Calls for Work and Health programme to be devolved
A new benefits claimants’ support scheme must be fully devolved to local councils in order to stop it from repeating the mistakes of its predecessor, the LGA has said.
The Work and Health Programme, intended to help benefits claimants with disabilities and long-term health conditions find jobs, will replace the Work Programme next year.
The DWP is trialling co-commissioning of the programme in 10 pilot areas, but will otherwise retain control of it.
Cllr Mark Hawthorne, chair of the LGA’s people and places board, said: “The government needs to recognise that employment support alone is not the answer to help those furthest from the jobs market.
“The LGA has put forward its own proposal to the government for a devolved, integrated employment support to replace the Work Programme, which we believe will deliver better outcomes for residents than the traditional Whitehall centrally controlled approach.
“Councils are committed to ensure no-one is left behind, but they simply cannot afford to pick up the local costs of long-term unemployment. The time has come for local government to be given the opportunity to improve performance by commissioning employment support from 2017.
“The Government will spend £10.5 billion this year on 20 national employment and skills schemes. It can also no longer afford to spend billions on separate national programmes when there are better more local solutions that can coordinate all local partners in a way which can most appropriately help those most in need of support.”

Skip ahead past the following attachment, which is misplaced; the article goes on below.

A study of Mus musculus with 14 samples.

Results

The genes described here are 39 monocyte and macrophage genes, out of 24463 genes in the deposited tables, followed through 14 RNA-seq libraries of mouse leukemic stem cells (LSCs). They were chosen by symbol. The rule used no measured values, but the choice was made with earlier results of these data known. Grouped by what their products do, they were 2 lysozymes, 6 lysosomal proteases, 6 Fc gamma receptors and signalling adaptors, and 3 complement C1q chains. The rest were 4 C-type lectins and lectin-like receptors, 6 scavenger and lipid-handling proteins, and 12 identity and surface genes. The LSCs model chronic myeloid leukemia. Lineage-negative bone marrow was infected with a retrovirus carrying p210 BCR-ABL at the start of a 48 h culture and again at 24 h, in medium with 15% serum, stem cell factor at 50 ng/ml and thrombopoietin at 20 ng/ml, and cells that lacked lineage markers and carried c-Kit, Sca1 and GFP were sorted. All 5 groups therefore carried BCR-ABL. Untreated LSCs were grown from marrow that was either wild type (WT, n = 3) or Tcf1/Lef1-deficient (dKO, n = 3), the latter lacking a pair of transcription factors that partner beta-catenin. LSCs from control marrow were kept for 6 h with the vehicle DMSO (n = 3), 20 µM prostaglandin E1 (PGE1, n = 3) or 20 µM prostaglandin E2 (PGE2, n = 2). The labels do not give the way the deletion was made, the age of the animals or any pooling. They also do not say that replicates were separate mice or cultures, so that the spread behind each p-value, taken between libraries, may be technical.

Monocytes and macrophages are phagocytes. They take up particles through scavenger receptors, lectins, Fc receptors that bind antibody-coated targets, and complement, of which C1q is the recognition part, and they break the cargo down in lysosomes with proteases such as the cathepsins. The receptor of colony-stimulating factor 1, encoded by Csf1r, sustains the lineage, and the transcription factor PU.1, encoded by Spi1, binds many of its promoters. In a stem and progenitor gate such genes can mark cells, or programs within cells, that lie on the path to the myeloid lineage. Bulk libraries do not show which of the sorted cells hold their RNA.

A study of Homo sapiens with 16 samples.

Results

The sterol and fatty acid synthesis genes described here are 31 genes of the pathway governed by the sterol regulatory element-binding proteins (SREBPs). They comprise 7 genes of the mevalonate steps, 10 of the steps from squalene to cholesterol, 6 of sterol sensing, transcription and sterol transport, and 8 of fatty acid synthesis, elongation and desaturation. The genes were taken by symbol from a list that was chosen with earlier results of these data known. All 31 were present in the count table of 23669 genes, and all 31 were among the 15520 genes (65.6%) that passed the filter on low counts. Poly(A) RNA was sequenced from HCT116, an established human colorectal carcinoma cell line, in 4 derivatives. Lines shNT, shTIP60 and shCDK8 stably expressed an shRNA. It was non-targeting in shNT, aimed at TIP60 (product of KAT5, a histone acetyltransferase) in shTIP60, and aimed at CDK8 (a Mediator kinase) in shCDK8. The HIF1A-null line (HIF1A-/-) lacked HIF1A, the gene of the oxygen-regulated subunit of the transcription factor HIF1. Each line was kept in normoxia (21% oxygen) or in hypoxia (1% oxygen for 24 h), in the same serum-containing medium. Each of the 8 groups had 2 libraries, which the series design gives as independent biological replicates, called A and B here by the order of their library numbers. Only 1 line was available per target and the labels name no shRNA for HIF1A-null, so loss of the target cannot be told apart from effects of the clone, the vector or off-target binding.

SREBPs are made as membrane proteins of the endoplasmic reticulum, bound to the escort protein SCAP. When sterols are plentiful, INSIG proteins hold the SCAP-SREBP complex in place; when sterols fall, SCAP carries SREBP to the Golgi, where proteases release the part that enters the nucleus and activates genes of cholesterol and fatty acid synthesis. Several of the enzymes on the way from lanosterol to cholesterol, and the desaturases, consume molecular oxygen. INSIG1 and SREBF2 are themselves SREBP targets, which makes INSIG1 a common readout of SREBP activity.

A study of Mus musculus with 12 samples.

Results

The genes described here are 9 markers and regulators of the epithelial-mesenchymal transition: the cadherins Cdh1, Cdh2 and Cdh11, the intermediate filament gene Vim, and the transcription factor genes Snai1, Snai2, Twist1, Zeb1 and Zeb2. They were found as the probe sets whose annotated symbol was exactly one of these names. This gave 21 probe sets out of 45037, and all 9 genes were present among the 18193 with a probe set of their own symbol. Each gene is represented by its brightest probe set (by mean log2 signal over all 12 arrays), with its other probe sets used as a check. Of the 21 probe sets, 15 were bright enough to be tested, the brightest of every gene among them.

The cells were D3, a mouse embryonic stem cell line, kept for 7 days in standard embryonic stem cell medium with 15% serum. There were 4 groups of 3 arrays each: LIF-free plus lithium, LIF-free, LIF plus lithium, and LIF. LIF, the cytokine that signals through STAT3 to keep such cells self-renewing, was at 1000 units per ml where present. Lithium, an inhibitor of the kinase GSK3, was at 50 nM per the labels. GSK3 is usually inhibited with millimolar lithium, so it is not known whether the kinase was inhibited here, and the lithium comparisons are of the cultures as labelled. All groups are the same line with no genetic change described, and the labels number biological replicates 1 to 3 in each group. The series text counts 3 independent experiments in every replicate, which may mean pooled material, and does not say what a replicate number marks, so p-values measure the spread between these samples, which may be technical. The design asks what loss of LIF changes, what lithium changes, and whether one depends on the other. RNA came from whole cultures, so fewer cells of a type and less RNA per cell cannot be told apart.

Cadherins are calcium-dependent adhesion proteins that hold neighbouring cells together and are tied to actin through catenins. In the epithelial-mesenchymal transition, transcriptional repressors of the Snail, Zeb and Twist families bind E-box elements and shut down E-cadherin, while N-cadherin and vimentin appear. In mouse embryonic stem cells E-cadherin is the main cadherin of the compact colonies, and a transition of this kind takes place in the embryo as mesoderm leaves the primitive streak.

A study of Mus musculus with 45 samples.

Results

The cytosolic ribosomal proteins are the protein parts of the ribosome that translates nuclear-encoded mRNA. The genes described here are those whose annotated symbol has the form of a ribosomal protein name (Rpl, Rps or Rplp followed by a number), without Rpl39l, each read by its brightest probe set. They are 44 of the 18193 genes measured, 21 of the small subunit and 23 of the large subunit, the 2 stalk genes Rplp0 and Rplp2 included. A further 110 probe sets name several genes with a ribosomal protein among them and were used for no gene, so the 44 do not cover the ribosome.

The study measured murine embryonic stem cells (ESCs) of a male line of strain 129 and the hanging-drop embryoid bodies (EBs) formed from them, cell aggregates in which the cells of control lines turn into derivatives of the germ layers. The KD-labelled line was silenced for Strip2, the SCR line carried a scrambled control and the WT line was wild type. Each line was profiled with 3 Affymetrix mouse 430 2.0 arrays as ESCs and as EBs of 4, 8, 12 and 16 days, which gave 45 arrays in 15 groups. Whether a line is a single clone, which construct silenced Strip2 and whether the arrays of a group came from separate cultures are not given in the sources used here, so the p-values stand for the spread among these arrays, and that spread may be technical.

Recent research from IPPR North showed that just 28% of Work Programme participants found work, and the rate was even lower amongst those with the most serious conditions.
The Public Accounts Committee found in 2014 that the companies delivering the Work Programme had spent less than half of what they promised on supporting harder-to-help claimants.
Despite this, the Work and Health Programme is to be delivered with a £130m budget, just one-fifth of that given to the Work Programme, despite IPPR North saying that even the Work Programme’s budget was insufficient.
Cllr Hawthorne said that a consultation between the LGA and councils had found that the Work and Health Programme should be delivered by joined-up local services, in partnership with local jobcentres and businesses.
The LGA proposed a devolution scheme where groups of councils and the government set targets for local areas, but individual councils take responsibility for the scheme.
Local government would keep the money saved from national benefits spending to spend on services. Cllr Nick Forbes, senior vice chair of the LGA, said: “The Work and Health Programme can be successfully managed in all local areas across England.
“Helping more ESA and long-term JSA claimants move into employment is crucial to boosting local growth and reducing the welfare bill. Councils know best how to do this. We know our local economies, we know our local employers and we know our residents and we can bring local services together in a way central government will never be able to.”
Concerns were also raised about the future of the programme following the UK’s vote to leave the EU. Manchester city council warned recently that it may lose £20m of funding from the European Social Fund intended to support the programme.
The LGA also called for a guarantee that councils will receive all planned EU funds for the unemployed up to 2020. Cllr Forbes added: “Without this funding, support for the most disadvantaged areas risks being decimated.”